Understanding addiction: the contributions of basic science
Experimental Psychology and Psychopharmacology have contributed to important advances in our understanding of addiction. I will discuss some of the recent successes and failures in this area. Firstly, an ever-expanding body of research on attentional bias for drug cues means that we now have a good understanding of its psychological mechanisms and clinical significance. However, progress on the development of attentional bias modification as a viable clinical intervention has been slow. Secondly, the related topic of automatic associations in addiction has led to the development and evaluation of approach tendency retraining as an adjunct treatment for alcohol dependence, and two trials conducted in Germany suggest that this intervention may be effective for the prevention of relapse. Third, I will talk about developments in impulse control in addiction, and will introduce ongoing research projects that evaluate the efficacy of computerised self-control training in problem drinkers.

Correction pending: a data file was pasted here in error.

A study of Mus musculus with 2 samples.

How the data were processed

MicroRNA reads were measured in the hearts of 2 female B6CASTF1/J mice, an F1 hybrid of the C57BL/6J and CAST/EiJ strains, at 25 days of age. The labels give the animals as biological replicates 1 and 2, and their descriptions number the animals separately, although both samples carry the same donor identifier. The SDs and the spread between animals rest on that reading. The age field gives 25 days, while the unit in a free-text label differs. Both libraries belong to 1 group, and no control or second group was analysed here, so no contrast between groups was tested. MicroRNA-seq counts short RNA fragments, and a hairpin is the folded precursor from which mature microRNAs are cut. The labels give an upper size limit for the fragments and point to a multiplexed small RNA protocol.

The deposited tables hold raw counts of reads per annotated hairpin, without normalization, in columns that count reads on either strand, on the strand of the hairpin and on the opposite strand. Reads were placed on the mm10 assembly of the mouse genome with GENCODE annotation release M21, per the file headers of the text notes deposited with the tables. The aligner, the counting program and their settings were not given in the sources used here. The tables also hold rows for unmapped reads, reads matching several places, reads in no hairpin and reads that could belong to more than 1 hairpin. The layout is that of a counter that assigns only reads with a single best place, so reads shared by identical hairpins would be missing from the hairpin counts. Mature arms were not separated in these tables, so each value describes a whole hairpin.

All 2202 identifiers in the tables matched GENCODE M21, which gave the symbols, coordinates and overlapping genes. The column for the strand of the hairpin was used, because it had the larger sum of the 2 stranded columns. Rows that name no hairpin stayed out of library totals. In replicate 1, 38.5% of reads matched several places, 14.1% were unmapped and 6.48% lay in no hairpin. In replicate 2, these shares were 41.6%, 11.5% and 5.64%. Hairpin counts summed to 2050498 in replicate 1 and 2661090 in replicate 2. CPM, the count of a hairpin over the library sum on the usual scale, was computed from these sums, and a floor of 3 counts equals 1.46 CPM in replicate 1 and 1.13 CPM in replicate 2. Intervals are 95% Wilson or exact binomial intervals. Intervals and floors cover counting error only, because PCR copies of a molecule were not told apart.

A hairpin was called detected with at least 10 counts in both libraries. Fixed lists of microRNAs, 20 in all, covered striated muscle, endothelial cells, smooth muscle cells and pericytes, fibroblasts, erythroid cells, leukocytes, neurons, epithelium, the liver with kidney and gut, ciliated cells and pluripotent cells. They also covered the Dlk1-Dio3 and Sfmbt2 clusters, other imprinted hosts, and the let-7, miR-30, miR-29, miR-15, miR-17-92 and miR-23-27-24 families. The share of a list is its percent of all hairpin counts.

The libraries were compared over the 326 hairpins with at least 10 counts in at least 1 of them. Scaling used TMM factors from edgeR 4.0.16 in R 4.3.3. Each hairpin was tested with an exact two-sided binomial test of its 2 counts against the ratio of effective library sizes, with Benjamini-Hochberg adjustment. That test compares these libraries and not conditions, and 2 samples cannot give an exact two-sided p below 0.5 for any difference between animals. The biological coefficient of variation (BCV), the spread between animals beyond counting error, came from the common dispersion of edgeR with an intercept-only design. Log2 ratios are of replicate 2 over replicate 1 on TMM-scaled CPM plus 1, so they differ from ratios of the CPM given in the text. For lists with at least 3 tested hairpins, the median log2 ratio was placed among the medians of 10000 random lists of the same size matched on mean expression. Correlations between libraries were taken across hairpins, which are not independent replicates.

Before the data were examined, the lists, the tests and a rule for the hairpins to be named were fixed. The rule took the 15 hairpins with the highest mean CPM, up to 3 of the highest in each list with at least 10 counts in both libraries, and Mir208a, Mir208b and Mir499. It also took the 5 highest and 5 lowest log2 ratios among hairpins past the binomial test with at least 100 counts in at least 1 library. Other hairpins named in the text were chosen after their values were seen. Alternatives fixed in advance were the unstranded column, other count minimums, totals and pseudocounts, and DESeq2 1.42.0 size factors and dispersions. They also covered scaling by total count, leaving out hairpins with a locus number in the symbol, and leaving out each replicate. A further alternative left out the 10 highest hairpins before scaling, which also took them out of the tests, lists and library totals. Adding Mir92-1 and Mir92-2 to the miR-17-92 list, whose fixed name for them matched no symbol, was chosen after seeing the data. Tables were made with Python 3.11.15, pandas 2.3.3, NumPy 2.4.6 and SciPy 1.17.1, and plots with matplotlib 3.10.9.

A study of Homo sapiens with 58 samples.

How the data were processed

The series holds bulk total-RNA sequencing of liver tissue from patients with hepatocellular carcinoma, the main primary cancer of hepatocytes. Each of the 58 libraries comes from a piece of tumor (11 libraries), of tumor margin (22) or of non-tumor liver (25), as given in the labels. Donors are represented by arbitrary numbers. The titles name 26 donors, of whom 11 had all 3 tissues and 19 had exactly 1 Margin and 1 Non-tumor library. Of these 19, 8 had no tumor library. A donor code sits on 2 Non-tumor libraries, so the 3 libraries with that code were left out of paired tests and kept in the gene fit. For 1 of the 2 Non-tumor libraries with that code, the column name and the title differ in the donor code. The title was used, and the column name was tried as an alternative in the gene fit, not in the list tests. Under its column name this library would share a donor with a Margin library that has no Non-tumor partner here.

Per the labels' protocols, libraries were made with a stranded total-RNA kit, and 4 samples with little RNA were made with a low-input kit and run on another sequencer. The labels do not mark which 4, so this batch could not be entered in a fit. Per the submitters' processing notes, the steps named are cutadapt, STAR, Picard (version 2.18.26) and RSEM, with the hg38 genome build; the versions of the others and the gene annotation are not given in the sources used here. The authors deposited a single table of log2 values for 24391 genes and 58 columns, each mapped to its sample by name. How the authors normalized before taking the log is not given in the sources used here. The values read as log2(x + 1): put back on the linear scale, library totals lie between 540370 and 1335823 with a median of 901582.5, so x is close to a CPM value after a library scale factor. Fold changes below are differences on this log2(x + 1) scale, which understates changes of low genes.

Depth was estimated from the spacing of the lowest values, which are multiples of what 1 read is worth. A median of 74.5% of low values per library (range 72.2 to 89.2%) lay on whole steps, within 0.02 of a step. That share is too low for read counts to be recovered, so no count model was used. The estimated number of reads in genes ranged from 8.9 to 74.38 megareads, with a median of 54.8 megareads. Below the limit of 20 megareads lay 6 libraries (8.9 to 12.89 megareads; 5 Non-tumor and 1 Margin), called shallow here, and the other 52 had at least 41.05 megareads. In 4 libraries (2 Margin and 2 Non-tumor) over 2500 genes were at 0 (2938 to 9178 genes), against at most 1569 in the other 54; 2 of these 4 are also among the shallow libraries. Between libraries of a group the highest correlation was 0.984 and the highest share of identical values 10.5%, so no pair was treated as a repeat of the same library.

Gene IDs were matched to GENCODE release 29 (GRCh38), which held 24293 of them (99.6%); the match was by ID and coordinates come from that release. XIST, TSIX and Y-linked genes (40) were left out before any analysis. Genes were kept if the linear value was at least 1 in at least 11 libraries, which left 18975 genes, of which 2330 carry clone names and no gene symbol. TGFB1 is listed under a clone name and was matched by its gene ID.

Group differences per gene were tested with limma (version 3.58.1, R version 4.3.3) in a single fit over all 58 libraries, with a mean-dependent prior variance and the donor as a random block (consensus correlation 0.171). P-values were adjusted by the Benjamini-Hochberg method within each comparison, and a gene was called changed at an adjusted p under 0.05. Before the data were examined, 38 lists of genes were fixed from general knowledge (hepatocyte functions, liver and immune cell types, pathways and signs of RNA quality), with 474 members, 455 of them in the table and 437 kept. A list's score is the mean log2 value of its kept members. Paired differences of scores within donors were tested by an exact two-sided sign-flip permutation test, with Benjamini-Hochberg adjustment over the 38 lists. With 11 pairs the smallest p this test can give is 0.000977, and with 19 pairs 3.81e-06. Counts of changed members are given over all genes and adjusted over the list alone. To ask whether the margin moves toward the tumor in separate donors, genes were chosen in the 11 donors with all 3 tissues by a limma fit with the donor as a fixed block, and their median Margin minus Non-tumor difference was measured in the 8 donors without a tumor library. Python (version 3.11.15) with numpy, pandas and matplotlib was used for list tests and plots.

I will then move on to discuss novel methods to facilitate extinction of responses to drug-related cues. Firstly, promising preclinical research on D-Cycloserine was hailed as an important advance in this area but recent studies with human participants have failed to justify the initial enthusiasm. Secondly, a memory retrieval-extinction procedure that was developed in preclinical research may be effective in human opiate users. Finally, recent experimental work suggests that it may be useful to consider drug-related cues as discriminative cues for instrumental responses (rather than Pavlovian cues), and target the development of new interventions accordingly.
Research funded by Medical Research Council, Economic and Social Research Council, Wellcome Trust, and Alcohol Research UK.